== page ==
With the Dow hitting an all-time high last Friday, markets played a beautiful coda to a trading week which defied vacuous discussions of the U.S. central bank's (Fed) alleged failures to effectively communicate its monetary policies.
Ignoring the chatter, markets cut straight to the key drivers: liquidity and the belief that cheap and abundant credit will continue to support economic activity, job creation and incomes of firms and households.
When in the next few years analysts begin to look again at their rear view mirrors, this past week will most probably be taken as a signal that markets' collective wisdom correctly anticipated the accelerating growth of the U.S. economy.
And then the usual cohorts of Fed's critics will also note that the bulls on the Big Board ran wild at the time when, following the IMF, America's monetary authorities sharply downgraded economic growth for this year to 2.1-2.3 percent (from their 2.8-3.0 percent forecast last March). One more instance of Fed's wrong analysis, they will say.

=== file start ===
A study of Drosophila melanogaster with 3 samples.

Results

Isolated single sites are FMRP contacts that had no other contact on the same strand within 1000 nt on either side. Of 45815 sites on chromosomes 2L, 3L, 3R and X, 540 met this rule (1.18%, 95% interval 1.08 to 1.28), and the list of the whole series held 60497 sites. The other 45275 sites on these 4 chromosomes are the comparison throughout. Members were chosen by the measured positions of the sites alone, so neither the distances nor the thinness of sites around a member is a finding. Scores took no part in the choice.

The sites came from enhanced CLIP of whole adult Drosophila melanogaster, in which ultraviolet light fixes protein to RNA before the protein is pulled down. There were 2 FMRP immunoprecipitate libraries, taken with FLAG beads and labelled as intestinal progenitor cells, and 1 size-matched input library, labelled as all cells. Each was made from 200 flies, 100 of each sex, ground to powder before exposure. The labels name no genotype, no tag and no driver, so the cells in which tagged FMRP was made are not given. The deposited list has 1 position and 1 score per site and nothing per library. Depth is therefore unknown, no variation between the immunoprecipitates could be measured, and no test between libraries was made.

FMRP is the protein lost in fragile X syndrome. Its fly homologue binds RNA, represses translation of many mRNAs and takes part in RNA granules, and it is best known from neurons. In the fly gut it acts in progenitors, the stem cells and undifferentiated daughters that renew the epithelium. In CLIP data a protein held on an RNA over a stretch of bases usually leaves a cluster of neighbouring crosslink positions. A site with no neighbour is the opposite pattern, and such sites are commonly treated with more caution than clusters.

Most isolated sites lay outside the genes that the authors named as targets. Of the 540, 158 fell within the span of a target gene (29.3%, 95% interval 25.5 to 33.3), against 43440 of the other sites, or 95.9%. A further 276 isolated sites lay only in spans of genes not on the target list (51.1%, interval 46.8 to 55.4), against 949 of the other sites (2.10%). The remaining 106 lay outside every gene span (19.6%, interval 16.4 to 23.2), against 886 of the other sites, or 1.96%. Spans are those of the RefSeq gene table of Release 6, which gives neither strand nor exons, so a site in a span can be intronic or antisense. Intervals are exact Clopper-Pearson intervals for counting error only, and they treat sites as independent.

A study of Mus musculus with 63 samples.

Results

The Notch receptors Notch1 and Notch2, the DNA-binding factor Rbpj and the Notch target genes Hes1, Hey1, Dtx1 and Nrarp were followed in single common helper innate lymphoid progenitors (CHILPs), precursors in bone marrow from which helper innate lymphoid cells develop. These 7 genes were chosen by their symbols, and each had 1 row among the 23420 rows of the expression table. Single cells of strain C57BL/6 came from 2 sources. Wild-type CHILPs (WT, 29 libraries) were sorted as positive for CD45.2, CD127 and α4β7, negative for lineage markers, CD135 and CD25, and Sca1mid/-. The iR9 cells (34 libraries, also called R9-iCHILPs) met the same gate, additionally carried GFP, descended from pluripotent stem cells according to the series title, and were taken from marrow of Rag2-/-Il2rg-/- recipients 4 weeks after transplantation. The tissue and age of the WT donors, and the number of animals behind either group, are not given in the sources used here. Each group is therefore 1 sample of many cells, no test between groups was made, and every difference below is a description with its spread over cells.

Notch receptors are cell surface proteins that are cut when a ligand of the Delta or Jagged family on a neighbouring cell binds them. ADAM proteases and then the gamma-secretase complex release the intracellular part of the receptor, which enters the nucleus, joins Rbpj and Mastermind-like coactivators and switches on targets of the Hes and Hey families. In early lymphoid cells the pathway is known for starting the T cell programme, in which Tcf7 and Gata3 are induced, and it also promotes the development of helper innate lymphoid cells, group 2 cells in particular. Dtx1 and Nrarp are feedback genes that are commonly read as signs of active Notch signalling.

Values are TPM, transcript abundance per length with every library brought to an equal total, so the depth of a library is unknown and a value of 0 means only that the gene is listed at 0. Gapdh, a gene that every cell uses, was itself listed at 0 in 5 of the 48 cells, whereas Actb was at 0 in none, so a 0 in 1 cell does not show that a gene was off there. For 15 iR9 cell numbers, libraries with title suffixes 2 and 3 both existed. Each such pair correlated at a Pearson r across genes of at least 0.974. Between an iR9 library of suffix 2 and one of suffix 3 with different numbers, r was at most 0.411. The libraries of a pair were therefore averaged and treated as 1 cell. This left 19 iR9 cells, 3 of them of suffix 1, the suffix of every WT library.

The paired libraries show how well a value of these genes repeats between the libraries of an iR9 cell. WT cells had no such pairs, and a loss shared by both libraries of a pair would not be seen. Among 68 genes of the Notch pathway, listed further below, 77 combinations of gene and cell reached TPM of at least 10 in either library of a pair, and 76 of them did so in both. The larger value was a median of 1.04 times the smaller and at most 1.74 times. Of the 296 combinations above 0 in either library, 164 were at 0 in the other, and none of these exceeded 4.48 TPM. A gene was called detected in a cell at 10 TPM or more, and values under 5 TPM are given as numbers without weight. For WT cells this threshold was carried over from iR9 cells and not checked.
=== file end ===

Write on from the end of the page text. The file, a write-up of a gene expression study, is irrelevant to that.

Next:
I am talking here about a refrain I heard so many times in the past.
I also believe that the current pessimism about America's noninflationary growth potential will eventually give way to a more thoughtful analysis of the economy's ability to expand in an environment of reasonably stable prices.
Indeed, with steadily improving employment prospects, the civilian labor force could soon reach its long-term trend growth of 1.1-1.2 percent. Adding to that the average labor efficiency gains of 1.4 percent over the last four years would give a potential growth rate of the economy somewhere between 2.5 percent and 3.0 percent.
If these conditions were to prevail, monetary policy would have more room to maintain an accommodative stance. The Fed would also have more time to correct the excesses created with extraordinary efforts to support the gravely damaged financial system and to prop up an economy struggling to recover from the Great Recession.
Restrictive fiscal policy will help, too, by providing additional space for monetary flexibility. This year, the expected federal budget deficit of 2.8 percent of gross domestic product (GDP) would be one-third less than the shortfall in the previous year and would fall below the 3.1 percent average over the last 40 years.
Don't rain on bulls' parade
That is a significant achievement, but further efforts will be necessary to stop and reverse the growth of America's gross public debt. At this writing, the U.S. National Debt Clock stood at $17.5 trillion, or 102.3 percent of the nominal GDP, based on the economy's first quarter numbers.